Having visited many monasteries, observed many religious practices, and spoken to a handful of people about Tibetan Buddhism, I come away somewhat disillusioned. I admire Tibetans for their commitment to the Dalai Lama, their belief in his reincarnation and their practice of the ethical tachings of Buddha. Their dedication is immense.
I am dismayed by the focus on rites and rituals, apparent blind religious fervor and lack of commitment to meditation.
The prayer wheel and ultimately, the automatic prayer wheel, highlight my concern. The original Buddha meditated for six years and then started his mission. The teachings of the Buddha and lamas are recorded in Tibetan on parchment know as sutras. The monks read and chant these sutras, presumably for knowledge and inspiration. However, most people are illiterate. Some of them memorize and recite short passages from the sutras. But most, have a written prayer placed inside a prayer wheel. They spin the prayer wheel (clockwise direction only) and believe by spinning it they will attain enlightenment. Some prayer wheels are designed with fins so they spin in the breeze, presumable bestowing benefits to their owners.
Everywhere in Tibet, there are prayer flags, monasteries, temples, prostraters, portraits of the lamas, images and posters of temples and signs of religion. When we were in The Jokhang in Lhasa, we witnessed a mob scene seething to worship a statue.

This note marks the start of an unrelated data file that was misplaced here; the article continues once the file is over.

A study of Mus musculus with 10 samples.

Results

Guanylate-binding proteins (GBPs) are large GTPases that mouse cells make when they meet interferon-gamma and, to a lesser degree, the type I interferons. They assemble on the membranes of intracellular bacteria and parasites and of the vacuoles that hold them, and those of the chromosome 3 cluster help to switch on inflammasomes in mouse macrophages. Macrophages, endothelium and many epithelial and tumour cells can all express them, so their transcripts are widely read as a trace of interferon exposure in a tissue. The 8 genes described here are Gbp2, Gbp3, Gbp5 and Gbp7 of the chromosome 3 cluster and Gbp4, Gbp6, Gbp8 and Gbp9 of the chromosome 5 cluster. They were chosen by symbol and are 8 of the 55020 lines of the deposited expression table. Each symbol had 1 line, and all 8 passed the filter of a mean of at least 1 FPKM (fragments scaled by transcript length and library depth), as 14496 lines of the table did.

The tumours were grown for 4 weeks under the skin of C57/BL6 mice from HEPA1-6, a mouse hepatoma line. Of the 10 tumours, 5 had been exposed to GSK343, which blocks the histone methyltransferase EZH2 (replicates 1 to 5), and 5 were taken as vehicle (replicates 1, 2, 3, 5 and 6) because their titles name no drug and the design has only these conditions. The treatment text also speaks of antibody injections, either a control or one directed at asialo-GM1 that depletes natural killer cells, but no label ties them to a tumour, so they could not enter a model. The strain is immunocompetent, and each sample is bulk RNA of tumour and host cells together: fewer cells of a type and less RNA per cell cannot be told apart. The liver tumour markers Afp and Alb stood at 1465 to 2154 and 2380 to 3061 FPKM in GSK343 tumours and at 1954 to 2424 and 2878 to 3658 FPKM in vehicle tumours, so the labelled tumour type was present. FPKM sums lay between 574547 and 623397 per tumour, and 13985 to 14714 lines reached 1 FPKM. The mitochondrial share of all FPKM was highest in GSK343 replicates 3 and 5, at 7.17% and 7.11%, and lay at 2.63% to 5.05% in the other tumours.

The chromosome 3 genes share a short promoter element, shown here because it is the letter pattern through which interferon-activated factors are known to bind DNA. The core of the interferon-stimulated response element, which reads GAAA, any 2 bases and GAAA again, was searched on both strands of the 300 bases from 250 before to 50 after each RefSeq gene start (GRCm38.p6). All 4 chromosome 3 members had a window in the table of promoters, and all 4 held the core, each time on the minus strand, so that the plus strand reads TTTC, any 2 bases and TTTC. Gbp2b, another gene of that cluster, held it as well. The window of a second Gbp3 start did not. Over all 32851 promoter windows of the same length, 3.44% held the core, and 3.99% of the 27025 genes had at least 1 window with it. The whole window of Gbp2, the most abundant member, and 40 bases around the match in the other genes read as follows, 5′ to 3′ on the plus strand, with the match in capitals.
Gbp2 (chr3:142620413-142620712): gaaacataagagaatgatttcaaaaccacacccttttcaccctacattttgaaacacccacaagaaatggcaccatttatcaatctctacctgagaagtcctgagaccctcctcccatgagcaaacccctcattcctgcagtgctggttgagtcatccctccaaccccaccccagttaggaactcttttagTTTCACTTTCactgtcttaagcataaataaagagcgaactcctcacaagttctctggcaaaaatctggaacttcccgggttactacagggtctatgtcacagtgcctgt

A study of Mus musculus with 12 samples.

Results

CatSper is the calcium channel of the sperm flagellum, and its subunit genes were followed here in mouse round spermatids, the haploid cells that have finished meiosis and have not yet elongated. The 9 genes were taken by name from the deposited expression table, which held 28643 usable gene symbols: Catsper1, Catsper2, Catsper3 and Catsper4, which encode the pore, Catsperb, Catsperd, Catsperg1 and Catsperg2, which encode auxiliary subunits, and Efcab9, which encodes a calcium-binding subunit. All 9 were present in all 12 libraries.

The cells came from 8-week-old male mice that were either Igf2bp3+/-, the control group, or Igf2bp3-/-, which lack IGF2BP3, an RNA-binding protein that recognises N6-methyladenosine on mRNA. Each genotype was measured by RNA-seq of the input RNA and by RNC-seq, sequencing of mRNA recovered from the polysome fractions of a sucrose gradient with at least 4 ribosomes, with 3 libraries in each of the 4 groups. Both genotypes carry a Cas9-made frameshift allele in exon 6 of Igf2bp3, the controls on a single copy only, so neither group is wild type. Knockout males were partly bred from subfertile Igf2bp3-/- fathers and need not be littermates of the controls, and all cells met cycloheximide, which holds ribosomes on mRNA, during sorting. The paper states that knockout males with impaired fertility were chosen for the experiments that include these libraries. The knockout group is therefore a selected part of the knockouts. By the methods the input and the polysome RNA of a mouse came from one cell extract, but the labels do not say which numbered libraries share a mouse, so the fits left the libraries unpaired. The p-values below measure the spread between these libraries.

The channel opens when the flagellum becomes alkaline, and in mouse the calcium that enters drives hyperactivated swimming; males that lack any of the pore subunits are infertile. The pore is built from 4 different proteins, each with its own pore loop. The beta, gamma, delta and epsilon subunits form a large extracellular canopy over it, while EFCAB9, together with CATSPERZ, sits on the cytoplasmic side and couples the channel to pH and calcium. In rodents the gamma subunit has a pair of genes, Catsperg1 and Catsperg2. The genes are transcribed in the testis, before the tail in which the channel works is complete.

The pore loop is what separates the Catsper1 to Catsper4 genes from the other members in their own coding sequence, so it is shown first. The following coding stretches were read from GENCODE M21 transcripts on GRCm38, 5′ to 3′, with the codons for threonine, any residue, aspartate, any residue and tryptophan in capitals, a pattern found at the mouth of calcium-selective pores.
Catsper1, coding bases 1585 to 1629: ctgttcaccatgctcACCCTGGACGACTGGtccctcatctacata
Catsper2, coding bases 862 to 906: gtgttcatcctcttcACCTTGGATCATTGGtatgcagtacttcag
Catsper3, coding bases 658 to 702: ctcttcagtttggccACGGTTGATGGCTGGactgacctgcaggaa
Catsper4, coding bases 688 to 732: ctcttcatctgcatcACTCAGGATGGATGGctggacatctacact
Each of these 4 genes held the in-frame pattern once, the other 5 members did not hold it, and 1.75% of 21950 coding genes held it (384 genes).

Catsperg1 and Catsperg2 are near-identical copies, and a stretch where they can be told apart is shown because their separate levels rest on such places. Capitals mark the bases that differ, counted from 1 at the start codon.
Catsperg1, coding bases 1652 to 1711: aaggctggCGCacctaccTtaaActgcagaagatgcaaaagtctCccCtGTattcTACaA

Prior to Buddhism, Tibetans practiced the Bon religion, a type of Shaminism. Many of these practices have carried over to Tibetan Buddhism.
When I inquired about meditation, I got incomplete responses. The monks apparently spend considerable time chanting sutras, but not meditating. The people spin prayer wheels. Once I was told, to find enlightenment, I must do good works and hope for a better reincarnation in the next life. Some told me that at the higher levels, the lamas have secret mantras and some meditate on these mantras. I had hoped that, like a western church, there would be numerous opportunities to sit in a quiet place in a holy environment with other seekers and meditate. But I did not find that.
As a tourist, Tibetan Buddhism is a wonderful curiousity. Seeing the temples, Buddhas, and sutras and witnessing the religious acts is fascinating. But I did not feel I was a participant nor did I gain in spiritual understanding. Reportedly, the Chinese government is rebuilding the monasteries to serve as tourist attractions. I guess that worked on me.
As economic progress and education continue, as the impact of western fashion, culture, and thinking impact the younger generation, I think the religious fervor and commitment will decline.
I think Tibetans should have every opportunity for self-determination. They seem happy and commited to their way of life. Having said this, their life was and is–by my perspective, a tough life. Tibetan nomads spend their days in manual labor. Sanitation and hygiene are poor. Education is lacking. Many are isolated. The visit to the School for the Blind revealed that the blind are regarded as being punished for misdeeds in previous lives. One blind boy was told he probably was a murderer in his past life. Ignorance and superstition cause poverty and inequity. I cannot say the Chinese were right to “liberate” Tibet. But having done so, they are bringing welcome changes, if only out of their own self-interests.